Ranking Image

For a recent project, I wanted to rewrite an existing application where user's can sign up for a running event, track the distances from their running activities and get an overall leaderboard, highest distance wins. Because I wanted to make this really performant and serverless applications make me sleep better at night, guess what I went with? The greatest database in the world, DynamoDB.

So I started modelling the data and listing all access patterns, but quickly ran into a problem. When the user logs in to the application and chooses an event he registered for, the application should display his absolute position for that event in the ranking table, something like "You are ranked 211th out of 1539". But I couldn't think of any efficient way to handle this access pattern in DynamoDB. After tinkering for a while, I decided to get some help from someone who should know if this is possible: @houlihan_rick and @alexbdebrie.

Tweet by Rick Houlihan

And of course it is possible. The idea is as simple as powerful. We create a global secondary index, where we use the Event ID as partition key and the total running distance as sort key. The nice thing with a GSI is that we can increase the sort key whenever a user tracks a new running activity. We can then calculate a user's absolute position by querying by the Event ID for all items that have a SK that is greater than the user's current distance. The count of these items plus one is the user's position.

DynamoDB enforces some limits that we should take into consideration here. There is a 1 MB limit on the size of an individual query request. Ideally, we do not want to be forced to make multiple requests to calculate a user's position. That's why @houlihan_rick proposed to use a keys only global secondary index, to keep the individual item size as small as possible.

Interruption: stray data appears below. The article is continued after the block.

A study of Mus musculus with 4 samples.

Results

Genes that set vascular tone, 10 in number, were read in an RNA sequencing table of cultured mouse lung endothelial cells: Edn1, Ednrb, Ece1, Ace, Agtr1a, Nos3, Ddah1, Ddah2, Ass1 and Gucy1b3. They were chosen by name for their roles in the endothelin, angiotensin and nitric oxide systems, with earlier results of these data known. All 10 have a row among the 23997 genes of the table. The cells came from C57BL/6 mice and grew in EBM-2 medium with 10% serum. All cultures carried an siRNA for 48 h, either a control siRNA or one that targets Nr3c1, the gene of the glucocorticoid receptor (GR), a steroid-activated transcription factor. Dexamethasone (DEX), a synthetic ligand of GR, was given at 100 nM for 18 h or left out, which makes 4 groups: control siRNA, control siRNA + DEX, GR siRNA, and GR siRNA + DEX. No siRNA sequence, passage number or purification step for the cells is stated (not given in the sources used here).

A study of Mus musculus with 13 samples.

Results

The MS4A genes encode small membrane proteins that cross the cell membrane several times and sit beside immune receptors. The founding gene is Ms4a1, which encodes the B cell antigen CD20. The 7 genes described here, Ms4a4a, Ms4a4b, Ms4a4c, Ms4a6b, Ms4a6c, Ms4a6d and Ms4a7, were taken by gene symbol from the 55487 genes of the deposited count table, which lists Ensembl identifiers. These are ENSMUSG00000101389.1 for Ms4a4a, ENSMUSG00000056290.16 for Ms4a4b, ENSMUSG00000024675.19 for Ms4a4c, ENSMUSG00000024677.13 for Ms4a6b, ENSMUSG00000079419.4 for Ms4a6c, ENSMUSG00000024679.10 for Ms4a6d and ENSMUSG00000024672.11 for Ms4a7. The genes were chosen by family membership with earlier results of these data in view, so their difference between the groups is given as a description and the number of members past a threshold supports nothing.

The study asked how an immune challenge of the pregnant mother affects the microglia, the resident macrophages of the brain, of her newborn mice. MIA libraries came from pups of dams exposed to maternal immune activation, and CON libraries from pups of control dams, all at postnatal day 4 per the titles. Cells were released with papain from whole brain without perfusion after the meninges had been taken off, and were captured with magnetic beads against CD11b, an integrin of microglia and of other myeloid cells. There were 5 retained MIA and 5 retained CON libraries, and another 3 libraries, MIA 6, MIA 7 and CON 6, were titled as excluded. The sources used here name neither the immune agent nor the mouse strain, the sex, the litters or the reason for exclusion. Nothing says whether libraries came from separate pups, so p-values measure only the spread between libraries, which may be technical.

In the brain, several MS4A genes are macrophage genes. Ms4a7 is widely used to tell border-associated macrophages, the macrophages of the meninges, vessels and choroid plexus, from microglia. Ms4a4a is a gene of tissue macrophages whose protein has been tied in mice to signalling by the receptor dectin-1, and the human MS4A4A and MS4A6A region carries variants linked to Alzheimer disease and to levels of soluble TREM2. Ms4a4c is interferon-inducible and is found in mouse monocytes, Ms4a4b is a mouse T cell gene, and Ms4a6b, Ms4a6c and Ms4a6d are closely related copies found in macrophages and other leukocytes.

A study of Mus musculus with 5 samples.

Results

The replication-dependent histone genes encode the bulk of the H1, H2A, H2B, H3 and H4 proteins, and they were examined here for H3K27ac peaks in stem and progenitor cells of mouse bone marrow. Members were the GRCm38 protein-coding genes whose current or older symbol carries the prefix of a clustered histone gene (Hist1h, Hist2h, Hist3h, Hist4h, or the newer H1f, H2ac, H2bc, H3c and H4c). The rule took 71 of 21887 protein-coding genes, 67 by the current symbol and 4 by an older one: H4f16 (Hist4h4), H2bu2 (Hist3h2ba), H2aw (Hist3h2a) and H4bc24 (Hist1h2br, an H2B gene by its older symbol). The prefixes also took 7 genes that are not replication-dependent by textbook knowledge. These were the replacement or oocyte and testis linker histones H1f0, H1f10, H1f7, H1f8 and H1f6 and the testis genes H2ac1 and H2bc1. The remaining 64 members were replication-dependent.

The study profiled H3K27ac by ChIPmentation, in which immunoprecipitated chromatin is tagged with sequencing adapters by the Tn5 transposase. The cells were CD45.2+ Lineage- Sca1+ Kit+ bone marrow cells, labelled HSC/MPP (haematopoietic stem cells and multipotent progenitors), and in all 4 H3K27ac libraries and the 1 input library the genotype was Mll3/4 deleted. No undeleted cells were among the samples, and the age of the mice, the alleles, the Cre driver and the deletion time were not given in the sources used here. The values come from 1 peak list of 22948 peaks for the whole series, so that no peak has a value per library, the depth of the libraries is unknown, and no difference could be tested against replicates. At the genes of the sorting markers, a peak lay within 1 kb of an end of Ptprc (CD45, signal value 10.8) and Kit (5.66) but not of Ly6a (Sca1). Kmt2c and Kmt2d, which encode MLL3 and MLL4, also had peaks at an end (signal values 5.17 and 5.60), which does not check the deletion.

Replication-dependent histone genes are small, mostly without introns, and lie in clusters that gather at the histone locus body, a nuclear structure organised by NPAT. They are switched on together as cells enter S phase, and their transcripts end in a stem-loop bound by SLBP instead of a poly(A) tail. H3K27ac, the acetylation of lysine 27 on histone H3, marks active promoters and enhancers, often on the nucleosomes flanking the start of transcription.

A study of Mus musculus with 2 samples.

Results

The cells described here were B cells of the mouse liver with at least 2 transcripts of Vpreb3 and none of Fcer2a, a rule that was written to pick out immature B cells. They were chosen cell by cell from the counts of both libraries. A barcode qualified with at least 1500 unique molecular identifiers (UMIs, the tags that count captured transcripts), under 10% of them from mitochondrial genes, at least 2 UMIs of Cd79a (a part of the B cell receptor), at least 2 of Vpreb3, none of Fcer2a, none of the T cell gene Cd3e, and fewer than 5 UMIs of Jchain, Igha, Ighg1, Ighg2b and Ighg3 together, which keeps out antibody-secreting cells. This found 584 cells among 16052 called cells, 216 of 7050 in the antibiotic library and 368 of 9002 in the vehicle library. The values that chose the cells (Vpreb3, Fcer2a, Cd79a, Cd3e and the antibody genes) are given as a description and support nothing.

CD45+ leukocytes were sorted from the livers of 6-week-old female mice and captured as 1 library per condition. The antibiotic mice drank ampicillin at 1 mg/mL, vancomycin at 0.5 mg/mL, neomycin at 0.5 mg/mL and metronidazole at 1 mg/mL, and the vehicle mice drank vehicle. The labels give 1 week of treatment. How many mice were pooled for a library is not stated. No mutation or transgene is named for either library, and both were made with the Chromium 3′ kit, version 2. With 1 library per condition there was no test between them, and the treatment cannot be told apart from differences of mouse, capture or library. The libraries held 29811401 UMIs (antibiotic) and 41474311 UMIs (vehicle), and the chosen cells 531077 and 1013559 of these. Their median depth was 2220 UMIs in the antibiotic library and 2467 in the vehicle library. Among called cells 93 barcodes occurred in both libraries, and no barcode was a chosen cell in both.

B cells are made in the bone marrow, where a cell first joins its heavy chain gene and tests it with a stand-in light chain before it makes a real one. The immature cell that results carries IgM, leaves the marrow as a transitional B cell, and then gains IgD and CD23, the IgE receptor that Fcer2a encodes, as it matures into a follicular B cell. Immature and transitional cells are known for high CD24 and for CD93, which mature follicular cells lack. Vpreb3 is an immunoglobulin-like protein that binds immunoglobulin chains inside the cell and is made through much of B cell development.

A single item in the DynamoDB table would look like this (I've included the keys only):


If we query for EVENT#1 by the global secondary index, we get closer to what we want:


Now we only need to count all items that are greater than the user's current distance and add one. You might be wondering why we are not simply using a "greater or equal than" comparison. Imagine the following case:


Both USER#1 and USER#3 have the same score. Which position are they at? Both second? Or both third? For my use case, I went with Standard competition or "1224" ranking. Therefore we count all items that have a score greater than the user's score and add one.

The implementation

Querying for the current position of a user is actually pretty simple:

result = client.query({
  TableName: 'Ranking',
  ScanIndexForward: false,
  IndexName: 'GSI1',
  KeyConditionExpression: 'GSI1PK = :event AND GSI1SK > :distance',
  ExpressionAttributeValues: {
    ':event': 'EVENT#1',
    ':distance': 82.3,
  Select: 'COUNT',

To make things event more efficient, we can set the Select attribute to COUNT. That way we don't receive the items itself, but rather the item count, which is all we want to know.

  "Count": 1,
  "ScannedCount": 1

If we add one, we see that USER#1 who has a current distance of 82.3 kilometers is on the second place!

Tracking a new distance is also pretty simple. All we have to do is update the user item and add the distance:

result = client.update({
  TableName: 'Ranking',
  Key: {
    PK: 'USER#1',
    SK: 'EVENT#1',
  UpdateExpression: 'ADD GSI1SK :distance',
  ExpressionAttributeValues: {
    ':distance': 11.2,
  ConditionExpression: 'attribute_exists(PK)',

A little bit of math

Assuming an average total running distance of less than 1000 kilometers per user and IDs in UUIDv4 format, we get an average item size of 162 bytes. If we divide the 1MB limit mentioned above, we see that we can calculate the position in one request as long as we don't have more than 6,472 users per event. For that calculation, we would need 256 RCUs.

For my use cases, this is fine as I do not expect more than 3,000 users per event. The maximum number of users could however easily be increased by using smaller IDs. For even larger user populations, we could use write sharding as suggested by @houlihan_rick, but that's a topic for another post.